Identifying Insurrectionists Is Going To Be Easy — Thanks To Social Media And All The Other Online Trails People Leave
from the not-going-dark dept
As Techdirt readers know, there’s a lot of hatred for social media in some circles, and lots of lies being told about why Section 230 is to blame. Against that background, it’s useful to remember that, as their name implies, they are just media — things in the middle of people communicating to others. As such, they are neither good nor bad, but tools that can be used for both. In addition, social media posts themselves can be used in good and bad ways. Examples of the former include the Bellingcat investigations that frequently analyze social media to tease out information about major events that is otherwise hard to obtain. Sometimes, the information is so easy to find, you don’t even need any special skills. An article on Ars Technica points out that identifying the leading insurrectionists who participated in the recent events at the US Capitol is going to be pretty straightforward, thanks to social media:
the DC Metropolitan Police and the FBI will probably need to look no further than a cursory Google search to identify many of the leaders of Wednesday’s insurrection, as many of them took to social media both before and after the event to brag about it in detail.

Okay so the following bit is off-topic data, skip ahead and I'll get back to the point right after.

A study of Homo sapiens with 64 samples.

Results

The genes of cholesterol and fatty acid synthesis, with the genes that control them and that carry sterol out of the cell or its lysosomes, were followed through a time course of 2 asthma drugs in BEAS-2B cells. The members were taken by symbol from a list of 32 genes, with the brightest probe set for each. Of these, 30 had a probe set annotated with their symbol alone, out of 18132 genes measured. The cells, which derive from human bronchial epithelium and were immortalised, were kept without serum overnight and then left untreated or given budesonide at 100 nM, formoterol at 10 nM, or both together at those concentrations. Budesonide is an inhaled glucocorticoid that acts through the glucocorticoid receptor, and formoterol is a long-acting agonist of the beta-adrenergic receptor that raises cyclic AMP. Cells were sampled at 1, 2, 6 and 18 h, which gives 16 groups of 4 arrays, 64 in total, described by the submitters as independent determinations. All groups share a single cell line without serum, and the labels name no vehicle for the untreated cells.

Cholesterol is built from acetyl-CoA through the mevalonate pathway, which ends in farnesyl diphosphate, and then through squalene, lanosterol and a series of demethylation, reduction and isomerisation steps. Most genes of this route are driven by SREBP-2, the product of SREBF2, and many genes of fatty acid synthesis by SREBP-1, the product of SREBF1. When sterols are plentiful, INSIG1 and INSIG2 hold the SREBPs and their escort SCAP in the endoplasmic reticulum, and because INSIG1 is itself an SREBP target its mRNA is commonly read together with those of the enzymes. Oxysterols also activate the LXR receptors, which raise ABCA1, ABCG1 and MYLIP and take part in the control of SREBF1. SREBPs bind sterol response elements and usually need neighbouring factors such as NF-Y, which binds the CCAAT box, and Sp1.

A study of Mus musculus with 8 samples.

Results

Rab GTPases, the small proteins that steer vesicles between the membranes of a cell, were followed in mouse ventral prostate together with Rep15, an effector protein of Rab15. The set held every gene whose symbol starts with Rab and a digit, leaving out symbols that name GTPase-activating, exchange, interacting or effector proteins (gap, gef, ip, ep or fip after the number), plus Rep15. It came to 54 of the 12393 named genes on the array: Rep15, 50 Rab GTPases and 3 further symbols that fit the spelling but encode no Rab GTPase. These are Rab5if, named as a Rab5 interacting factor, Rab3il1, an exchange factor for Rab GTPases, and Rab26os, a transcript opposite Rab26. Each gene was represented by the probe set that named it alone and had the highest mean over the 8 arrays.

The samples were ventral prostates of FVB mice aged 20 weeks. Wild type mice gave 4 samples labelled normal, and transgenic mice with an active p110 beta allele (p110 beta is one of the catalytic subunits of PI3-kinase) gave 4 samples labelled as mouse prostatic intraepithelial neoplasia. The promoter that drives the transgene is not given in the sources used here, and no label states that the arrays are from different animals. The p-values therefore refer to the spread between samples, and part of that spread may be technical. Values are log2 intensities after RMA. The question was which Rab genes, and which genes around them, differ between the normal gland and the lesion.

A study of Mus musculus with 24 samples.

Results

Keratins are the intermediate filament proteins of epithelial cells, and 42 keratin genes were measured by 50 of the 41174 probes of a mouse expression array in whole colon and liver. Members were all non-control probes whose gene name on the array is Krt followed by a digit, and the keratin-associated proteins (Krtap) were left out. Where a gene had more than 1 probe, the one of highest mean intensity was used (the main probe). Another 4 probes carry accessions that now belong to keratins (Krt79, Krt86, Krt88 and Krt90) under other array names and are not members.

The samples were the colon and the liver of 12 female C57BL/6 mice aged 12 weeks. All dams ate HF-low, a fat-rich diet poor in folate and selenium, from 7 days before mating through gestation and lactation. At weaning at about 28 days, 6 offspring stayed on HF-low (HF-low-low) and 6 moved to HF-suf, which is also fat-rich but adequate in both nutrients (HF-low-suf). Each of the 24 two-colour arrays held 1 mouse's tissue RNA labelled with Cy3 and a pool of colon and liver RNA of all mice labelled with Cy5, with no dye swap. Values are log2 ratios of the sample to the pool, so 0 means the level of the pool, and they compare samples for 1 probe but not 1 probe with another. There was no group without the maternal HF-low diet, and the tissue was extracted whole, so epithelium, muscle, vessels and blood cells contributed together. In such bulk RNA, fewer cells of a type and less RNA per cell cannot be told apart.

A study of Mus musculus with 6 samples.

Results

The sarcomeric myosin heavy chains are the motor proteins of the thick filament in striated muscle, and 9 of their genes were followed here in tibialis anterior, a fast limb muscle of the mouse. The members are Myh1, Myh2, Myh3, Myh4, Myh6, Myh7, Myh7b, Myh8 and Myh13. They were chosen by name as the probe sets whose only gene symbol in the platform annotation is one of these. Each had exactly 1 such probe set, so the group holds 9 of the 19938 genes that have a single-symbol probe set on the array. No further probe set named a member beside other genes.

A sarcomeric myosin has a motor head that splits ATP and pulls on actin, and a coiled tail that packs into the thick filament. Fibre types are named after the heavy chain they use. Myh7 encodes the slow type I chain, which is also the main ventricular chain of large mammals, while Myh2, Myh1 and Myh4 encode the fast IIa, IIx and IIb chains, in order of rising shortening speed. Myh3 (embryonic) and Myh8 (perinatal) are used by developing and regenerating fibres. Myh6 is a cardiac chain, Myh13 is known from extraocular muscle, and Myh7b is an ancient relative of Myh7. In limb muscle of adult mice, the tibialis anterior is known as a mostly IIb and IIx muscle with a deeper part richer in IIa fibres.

Things are made much easier because many of those taking part in the rioting did not wear masks, despite requirements to do so in some locations. As a result, the authorities have thousands of really clear pictures of the insurrectionists’ faces. In addition, Witness, an organization that “helps people use video and technology to protect and defend human rights”, was encouraging people to save livestreams of the riots, and to share them with “investigating organizations like Bellingcat”. The Ars Technica article notes:
Neither would an agency need actual photos or footage to track down any mob participant who was carrying a mobile phone. Law enforcement agencies have also developed a habit in recent years of using so-called geofence warrants to compel companies such as Google to provide lists of all mobile devices that appeared within a certain geographic area during a given time frame.
This underlines a fact that law enforcement doesn’t like to talk about: far from things “going dark”, there is more useful data that can be used to identify and convict people than ever before. In this case, it could perhaps also have been used to prevent the violence, since far-right supporters openly discussed their plans online beforehand. But it wasn’t — we don’t know why. This plethora of readily-available information is another reason why backdooring encryption is not just foolish, but completely unnecessary. Today, there are so many other sources of key information — not least the much-maligned social media.